Användning och återvinning av potentiellt kritiska material. Kunskapsöversikt
This study provides input to a study which maps and analyzes the mining and recycling
potential of various metal and mineral resources in Sweden, conducted by Geological survey
of Sweden (SGU) and the Swedish Environmental Protection Agency (SEPA) on behalf
of the Swedish government.
Based on a literature review, a compilation of existing knowledge in two areas is presented:
(1) the use of candidate materials in products and industries, and (2) current recycling
opportunities of candidate materials. It includes 41 of the materials shortlisted as
candidates for Sweden by SGU and the SEPA, i.e. materials that may become pointed out
as critical. In most cases, the compilation accounts for current use and recycling on a global
average since only such information is publicly available.
Candidate materials are used in many areas already today, and not just in high-tech
products with growing markets, such as electric cars, wind power and solar cells. Systematic
identification requires detailed insight into many sectors of industry, manufacturing
processes and product categories, variants of these and how they change over time. In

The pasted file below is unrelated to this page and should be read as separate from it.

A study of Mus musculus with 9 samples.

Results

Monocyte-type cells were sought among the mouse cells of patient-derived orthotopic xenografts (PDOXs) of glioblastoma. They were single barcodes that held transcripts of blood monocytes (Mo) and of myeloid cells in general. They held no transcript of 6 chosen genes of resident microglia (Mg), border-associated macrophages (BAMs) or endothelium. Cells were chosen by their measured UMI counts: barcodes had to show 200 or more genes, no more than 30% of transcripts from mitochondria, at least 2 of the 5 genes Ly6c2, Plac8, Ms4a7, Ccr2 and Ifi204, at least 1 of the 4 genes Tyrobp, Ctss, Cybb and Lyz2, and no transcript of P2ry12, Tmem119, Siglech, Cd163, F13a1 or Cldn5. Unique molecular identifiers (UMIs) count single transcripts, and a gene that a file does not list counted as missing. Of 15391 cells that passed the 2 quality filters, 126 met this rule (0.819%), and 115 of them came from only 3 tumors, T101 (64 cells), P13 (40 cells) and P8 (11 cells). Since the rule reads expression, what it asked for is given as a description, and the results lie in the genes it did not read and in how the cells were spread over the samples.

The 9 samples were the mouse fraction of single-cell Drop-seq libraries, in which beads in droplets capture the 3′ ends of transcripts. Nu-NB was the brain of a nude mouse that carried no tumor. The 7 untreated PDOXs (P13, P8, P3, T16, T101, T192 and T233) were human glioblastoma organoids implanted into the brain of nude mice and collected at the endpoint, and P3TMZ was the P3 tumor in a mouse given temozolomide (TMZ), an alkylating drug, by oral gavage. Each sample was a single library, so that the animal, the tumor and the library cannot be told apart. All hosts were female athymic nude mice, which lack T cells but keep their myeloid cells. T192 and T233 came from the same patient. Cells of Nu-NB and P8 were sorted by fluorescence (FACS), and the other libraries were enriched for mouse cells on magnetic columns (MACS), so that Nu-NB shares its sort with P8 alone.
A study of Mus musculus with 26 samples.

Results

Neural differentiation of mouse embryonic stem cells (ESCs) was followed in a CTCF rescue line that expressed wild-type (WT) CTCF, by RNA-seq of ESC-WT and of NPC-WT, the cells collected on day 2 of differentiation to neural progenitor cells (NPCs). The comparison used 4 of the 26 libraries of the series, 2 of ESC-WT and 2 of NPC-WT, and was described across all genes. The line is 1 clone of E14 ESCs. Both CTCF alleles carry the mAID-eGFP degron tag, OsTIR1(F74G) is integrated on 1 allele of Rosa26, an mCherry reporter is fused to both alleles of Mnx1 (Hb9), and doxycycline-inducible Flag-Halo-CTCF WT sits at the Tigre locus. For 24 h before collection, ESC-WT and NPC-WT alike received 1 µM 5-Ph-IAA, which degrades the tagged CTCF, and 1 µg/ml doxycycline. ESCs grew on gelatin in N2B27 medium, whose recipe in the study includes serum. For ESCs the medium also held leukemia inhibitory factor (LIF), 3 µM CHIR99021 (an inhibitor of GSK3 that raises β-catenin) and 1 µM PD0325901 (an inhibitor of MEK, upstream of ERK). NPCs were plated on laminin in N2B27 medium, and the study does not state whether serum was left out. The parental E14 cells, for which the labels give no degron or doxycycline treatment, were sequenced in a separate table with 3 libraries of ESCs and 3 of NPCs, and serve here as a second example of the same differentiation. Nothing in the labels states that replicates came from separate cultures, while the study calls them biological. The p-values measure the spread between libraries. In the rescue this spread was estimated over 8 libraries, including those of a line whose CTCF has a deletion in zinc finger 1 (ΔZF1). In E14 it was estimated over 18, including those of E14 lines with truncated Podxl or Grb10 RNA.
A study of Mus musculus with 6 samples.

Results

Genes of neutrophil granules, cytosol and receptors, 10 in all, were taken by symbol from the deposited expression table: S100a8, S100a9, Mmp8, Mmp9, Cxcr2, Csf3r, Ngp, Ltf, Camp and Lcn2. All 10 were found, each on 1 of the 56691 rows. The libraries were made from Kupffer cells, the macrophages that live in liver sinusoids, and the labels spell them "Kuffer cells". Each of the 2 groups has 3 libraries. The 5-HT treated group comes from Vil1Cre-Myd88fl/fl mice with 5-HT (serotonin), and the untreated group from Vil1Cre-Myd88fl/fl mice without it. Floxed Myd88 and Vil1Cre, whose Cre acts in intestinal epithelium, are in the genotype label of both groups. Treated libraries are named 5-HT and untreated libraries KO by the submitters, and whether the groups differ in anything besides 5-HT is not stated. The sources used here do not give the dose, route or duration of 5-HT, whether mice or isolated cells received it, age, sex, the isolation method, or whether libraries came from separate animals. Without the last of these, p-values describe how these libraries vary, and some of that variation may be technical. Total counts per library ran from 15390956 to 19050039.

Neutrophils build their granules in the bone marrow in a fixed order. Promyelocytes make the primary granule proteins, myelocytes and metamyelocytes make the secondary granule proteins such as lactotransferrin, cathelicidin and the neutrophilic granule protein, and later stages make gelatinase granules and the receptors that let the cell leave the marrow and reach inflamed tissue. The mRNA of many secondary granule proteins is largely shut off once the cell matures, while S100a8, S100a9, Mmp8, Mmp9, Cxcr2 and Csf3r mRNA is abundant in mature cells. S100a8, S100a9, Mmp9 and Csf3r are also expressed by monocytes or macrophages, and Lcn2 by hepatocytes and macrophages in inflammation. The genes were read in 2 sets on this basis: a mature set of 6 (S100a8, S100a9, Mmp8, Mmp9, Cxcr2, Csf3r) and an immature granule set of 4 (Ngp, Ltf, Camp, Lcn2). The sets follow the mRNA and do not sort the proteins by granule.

some rare cases, detailed information is publicly available. Therefore, we present briefly
the extent of current use of each of the 41 materials in 24 different use areas (products and
industries). A few examples of the material use in weight per product are provided: electrical
and electronic products and cars.
Recycling opportunities differ between candidate materials, but, for different reasons,
also between different products that contain the same candidate material. Therefore,
recycling rates for each of the use areas are presented. The focus of the study is on recycling
of candidate materials from consumption waste, but production waste is also addressed
as the opportunities often differ significantly.
There is currently little information on many of the candidate materials, but there is a
growing interest in these materials and issues related to them. More knowledge would
increase the opportunities to take informed decisions on the efforts required to make
use of the currently unrecovered material resources in discarded products in society.